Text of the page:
A Little Book About Ikigai


Ikigai: The Japanese Secret To A Long And Happy Life is a lovely explanation of the concept, written by Hector Garcia and Francesc Miralles. I also want to give a thumbs-up to the Spanish > English translator, Heather Cleary, who made these difficult Japanese concepts sound absolutely beautiful in English.

It’s a short book packed with great stories. It helps explain why ikigai is one of the reasons that the Okinawan people of Japan not only live the longest, but are happy and surprisingly healthy. They include lessons and words of wisdom from the centenarians they interviewed, including tips on diet and movement (spoiler alert: they don’t go to the gym!). The authors also describe how achieving a state of flow when doing something, having a wabi-sabi perspective, and resilience are keys to a happy and healthy life.

Why Okinawa? 

This southern island of Japan was featured in the book Blue Zones by Dan Buettner, and it is one of the top areas in the world where people live the longest. The author looked at diet, health and fitness, but also discovered that having an ikigai is why the Okinawan people live the longest. 


One chapter I found particularly interesting was the one about flow. When you’re doing something you enjoy, time just flies. When you’re doing something you don’t appreciate, each minute can feel like an eternity. “The funny thing is that someone else might really enjoy the same task, but we want to finish as quickly as possible.” (Page 56) 

I feel this should be true of a career. If you love interacting with people, you may thrive in a customer service department. But if you’re an introvert, and talking to people freaks you out, then you will most definitely not appreciate going to that job every day. Don’t forget: it’s not easy to really know what you like or don’t like unless you take baby steps in any direction. Don’t get frustrated that you don’t know your ikigai just yet. Hopefully, you’ll be able to learn more about it via my blog 🙂

Flow is a muscle

It’s important to find what lights YOU up, and realize that it could be an opportunity that is so unique and wonderful to you.“Flow is mysterious. It is like a muscle: the more you train it, the more you will flow, and the closer you will be to your ikigai.” (Page 86) 

This is exactly what I talk about! You have to try those tacos to see if you even like them. Don’t just talk about whether you could like them, or don’t think you’ll like them, or whatever – you just have to take that first bite and then you will know.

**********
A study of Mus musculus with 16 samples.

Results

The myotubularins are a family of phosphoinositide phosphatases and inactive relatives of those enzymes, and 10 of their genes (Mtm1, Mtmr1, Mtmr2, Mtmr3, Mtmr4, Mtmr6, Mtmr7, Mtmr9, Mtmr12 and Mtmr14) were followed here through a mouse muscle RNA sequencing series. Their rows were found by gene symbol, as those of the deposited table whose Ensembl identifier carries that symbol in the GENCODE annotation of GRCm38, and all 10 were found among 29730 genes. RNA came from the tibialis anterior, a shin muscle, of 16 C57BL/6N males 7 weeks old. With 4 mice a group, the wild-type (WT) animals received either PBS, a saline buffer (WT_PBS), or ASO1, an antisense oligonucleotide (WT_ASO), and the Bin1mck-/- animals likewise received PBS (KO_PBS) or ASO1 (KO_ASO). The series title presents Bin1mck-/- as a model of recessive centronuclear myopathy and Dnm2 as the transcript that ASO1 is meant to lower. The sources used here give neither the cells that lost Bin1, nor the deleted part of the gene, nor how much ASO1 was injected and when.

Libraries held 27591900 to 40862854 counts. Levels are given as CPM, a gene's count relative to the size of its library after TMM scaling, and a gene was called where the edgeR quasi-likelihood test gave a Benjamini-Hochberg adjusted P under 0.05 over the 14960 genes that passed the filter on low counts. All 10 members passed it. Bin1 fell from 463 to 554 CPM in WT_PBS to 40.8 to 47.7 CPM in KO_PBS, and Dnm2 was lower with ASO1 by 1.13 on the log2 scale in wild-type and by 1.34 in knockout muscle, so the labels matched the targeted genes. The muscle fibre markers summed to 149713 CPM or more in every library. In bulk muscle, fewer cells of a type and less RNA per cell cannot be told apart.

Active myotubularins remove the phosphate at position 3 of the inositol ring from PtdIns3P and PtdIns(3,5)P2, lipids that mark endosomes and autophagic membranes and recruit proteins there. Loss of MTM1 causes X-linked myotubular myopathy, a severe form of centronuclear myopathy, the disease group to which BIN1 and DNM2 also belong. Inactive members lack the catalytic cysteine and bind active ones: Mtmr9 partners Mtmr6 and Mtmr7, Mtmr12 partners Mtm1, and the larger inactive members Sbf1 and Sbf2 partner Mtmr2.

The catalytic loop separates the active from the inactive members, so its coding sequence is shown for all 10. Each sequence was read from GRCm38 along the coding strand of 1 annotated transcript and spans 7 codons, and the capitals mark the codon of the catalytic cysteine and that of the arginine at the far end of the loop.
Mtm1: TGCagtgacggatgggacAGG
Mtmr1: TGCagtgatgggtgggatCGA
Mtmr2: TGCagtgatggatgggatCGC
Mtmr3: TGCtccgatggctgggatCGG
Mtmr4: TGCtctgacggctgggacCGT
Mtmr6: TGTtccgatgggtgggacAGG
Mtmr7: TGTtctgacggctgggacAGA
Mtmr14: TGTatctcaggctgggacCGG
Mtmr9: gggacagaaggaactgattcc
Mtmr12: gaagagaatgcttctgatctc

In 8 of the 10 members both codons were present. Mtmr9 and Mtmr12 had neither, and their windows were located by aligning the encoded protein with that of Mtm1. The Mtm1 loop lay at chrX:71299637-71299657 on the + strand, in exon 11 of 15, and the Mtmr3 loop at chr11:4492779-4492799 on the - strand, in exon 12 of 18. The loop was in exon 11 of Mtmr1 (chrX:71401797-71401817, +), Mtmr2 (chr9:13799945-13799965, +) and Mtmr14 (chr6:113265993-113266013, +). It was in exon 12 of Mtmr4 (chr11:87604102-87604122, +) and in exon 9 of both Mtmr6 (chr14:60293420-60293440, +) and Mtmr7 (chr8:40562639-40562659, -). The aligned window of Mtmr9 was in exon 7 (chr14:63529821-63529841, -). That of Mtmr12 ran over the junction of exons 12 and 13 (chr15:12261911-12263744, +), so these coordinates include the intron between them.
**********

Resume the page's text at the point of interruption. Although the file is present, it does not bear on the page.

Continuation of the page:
What the heck is wabi-sabi?

This is one of my favorite Japanese words: it basically indicates that there is beauty in imperfection. “The key is to accept that there are certain things over which we have no control… Wabi-sabi teaches us to appreciate the beauty of imperfection as an opportunity for growth.” (Page 173) 

When it comes to careers, stop thinking that you have to have one perfect job that is your destiny, and that you will do it forever and ever. Allow yourself to not have all the answers, and just test the waters to see what you like. Allow yourself to change your mind and grow as an individual. By doing so, you will be working towards your ikigai and will be happier as a result. 


Keep in mind, though, that there will always be things in our lives that we don’t appreciate, but that are necessary. We don’t like to pay the bills. We may not like high school, trade school or college. Sometimes we have to endure such experiences, or abide by society’s rules, in order to get to the next level. Please don’t think it’s going to be easy. But also, don’t let the potential difficulty stop you. You have to get through challenges in order to grow and improve. 

In a previous blog post I wrote about my thoughts on the ikigai concept. I truly believe that you have to push yourself out of your comfort zone in order to take that next step in life. Giving up is so much easier, of course, and I know that we all struggle with getting out of our day-to-day habits… but try to take it one step at a time in a new direction. 

Recommend for my followers?

  1. If you’re wondering about your “why,” then I think you will get one step closer to it after reading this book. 
  2. You may also get really inspired to travel to or even live in Okinawa 🙂 

What do you think? Have you read the book? Can you apply any of these concepts to something that recently happened to you? Share below or reach out to me; I love to hear your stories!